Atrial fibrillation is an abnormal rhythm of the heart. It is characterized by an irregular and often rapid heartbeat that commonly causes poor blow flow to the body. The heart’s upper two chambers, the left and right atria, beat irregularly due to abnormal electric activity in the heart. There are two forms of atrial fibrillation: intermittent (paroxysmal) atrial fibrillation characterized by episodes of variable frequency and duration and chronic atrial fibrillation which is sustained and does not resolve spontaneously. Because blood is not pumped out of the heart efficiently, it can become static in the heart and form clots, putting patients at significantly increased risk of stroke. Atrial fibrillation can also weaken the heart over time, leading to heart failure.

The most significant risk factors are aging and previous heart disease, such as hypertension, heart attack, heart failure, heart valve disease, and heart surgery. Atrial fibrillation can also be seen with other medical problems, including alcohol and binge drinking, hyperthyroidism, sleep apnea, chronic lung disease, and certain medications that stimulate the heart (caffeine, theophylline). In some patients, atrial fibrillation can have no apparent cause.

Some patients have no symptoms, while others can have many symptoms, including:
  • Unpleasant palpitations or irregularity of the heart beat
  • Mild chest discomfort (sensation of tightness) or pain
  • A sense of the heart racing
  • Lightheadedness
  • Mild shortness of breath and fatigue that limit the ability to exercise
Some patients report severe symptoms, including:
  • Difficulty breathing
  • Shortness of breath with exertion
  • Fainting, or near fainting, due to a reduction in blood flow to the brain
  • Confusion, due to a reduction in blood supply to the brain
  • Chest discomfort
  • Fatigue

Atrial fibrillation is diagnosed with an electrocardiogram (ECG or EKG), which records the heart’s electrical activity. Other tests may be performed to rule out associated disorders, such as an echocardiogram (ultrasound) for heart failure and heart valve diseases and blood tests for thyroid disorders. Sleep studies and lung function tests may also be done to uncover sleep apnea or underlying lung disease.

To treat atrial fibrillation, the heart rate and rhythm must be reset to normal. This process is called cardioversion and can be done with drugs (medical cardioversion) or electricity (electrical cardioversion). Medical cardioversion uses medications called anti-arrhythmics while electrical cardioversion uses paddles or patches placed on your chest to deliver an electric shock. Both procedures are done in the hospital, and electrical cardioversion is performed under sedation so you don’t feel the shock. Because of the significantly increased risk of stroke with atrial fibrillation, many newly diagnosed patients first undergo 3-4 weeks of treatment with a blood thinner (usually warfarin/Coumadin) before cardioversion. An alternative is to undergo a transesophageal echocardiogram, which is a small ultrasound device that is swallowed and lets your doctor look for evidence of clots in your heart. If there are no clots, cardioversion can be performed immediately without delaying 3-4 weeks for blood thinner therapy. Following cardioversion, however, a blood thinner must be taken for at least a month. Most patients require long-term therapy as well, which can be either rhythm control or rate control. In rhythm control, anti-arrhythmic medications are prescribed following cardioversion. The most common of these are Amiodarone (Cordarone, Parcerone), Dronedarone (Maltaq), Propafenone (Rythmol), Sotalol (Betapace), Dofetilide (Tikosyn), and Flecainide (Tambocor). If the rhythm can’t be returned to normal, the goal becomes to slow the heart rate down, or rate control. This can be done through medications (beta blocker, calcium channel blocker, digoxin) or atrioventricular node ablation (destroying abnormally conducting heart cells with radiofrequency energy). Rarely, surgical procedures may need to be used. Some patients may also need treatment to help prevent blood clots for the rest of their lives. These include blood thinners (Warfarin, Dabigatran, Rivaroxiban) and anti-platelet medications, such as aspirin.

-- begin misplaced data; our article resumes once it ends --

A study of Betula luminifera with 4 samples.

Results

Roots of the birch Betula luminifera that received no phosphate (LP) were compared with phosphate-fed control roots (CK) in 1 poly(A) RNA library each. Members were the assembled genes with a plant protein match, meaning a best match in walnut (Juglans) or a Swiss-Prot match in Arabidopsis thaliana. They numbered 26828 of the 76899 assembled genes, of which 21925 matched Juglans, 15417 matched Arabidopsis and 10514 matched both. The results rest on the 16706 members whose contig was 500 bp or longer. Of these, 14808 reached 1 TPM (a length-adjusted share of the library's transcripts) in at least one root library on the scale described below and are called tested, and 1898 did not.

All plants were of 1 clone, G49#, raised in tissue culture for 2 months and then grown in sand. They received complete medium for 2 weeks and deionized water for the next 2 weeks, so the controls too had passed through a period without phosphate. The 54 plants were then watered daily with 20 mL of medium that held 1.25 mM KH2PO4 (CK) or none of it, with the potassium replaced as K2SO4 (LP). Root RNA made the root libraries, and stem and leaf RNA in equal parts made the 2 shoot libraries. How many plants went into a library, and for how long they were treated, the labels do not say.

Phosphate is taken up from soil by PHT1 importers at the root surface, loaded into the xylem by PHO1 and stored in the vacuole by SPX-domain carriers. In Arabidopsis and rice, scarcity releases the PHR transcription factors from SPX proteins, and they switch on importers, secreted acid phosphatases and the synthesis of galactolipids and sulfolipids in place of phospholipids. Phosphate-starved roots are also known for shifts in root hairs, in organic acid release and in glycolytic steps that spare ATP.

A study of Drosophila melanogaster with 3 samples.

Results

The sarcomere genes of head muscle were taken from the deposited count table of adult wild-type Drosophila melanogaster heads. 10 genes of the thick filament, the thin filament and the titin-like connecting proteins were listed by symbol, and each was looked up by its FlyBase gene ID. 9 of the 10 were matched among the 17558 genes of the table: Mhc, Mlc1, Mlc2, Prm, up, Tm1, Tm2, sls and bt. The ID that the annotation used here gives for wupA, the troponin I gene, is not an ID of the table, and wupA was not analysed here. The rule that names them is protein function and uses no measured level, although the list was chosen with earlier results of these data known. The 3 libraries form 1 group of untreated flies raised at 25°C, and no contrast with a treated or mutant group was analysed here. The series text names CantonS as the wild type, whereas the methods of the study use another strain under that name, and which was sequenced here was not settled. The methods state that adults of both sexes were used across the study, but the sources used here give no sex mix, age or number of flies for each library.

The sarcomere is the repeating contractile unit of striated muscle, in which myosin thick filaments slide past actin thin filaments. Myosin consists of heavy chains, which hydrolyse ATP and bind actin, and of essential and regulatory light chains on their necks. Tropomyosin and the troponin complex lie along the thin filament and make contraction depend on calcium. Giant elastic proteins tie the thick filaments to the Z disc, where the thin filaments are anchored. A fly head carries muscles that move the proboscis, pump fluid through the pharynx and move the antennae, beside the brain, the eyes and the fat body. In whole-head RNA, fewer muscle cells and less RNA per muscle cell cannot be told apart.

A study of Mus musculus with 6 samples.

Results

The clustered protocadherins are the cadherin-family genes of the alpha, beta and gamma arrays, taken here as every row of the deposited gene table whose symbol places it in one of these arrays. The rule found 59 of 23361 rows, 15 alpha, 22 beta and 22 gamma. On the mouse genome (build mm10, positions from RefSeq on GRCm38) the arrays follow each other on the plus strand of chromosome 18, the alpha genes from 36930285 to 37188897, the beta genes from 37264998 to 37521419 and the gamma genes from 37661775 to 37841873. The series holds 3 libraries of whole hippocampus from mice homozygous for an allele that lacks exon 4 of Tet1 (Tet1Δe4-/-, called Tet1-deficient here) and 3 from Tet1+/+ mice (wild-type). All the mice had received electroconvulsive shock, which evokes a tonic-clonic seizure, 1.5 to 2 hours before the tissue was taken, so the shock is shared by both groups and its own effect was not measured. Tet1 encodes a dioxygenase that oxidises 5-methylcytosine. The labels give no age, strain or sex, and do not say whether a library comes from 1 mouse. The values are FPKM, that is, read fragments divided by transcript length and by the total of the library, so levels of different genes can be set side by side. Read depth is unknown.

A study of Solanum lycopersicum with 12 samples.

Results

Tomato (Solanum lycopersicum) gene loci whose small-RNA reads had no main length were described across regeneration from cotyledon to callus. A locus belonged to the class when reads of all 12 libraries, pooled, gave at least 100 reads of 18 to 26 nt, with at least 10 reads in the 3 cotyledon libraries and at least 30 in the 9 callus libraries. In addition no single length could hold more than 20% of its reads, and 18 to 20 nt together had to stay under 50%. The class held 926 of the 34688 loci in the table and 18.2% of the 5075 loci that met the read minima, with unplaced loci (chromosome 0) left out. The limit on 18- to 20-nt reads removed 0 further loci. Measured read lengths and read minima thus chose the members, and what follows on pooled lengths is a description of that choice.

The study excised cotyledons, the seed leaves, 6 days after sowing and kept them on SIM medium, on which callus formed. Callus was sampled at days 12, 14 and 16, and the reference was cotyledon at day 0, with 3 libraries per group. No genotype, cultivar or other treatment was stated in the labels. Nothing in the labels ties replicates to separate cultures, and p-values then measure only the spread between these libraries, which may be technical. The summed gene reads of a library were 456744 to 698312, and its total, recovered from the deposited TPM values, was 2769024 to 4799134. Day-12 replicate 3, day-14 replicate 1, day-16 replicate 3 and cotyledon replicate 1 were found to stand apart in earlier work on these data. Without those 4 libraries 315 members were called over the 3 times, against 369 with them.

To help prevent spells of atrial fibrillation, you may need to eliminate caffeine and alcohol from your diet. Some over-the-counter (OTC) medications can also trigger episodes as well as interact with anti- arrthythmic medications so it’s important to consult with your doctor before taking any medications. Additionally, it is important to talk to your doctor about how you can treat other conditions you may have that cause atrial fibrillation.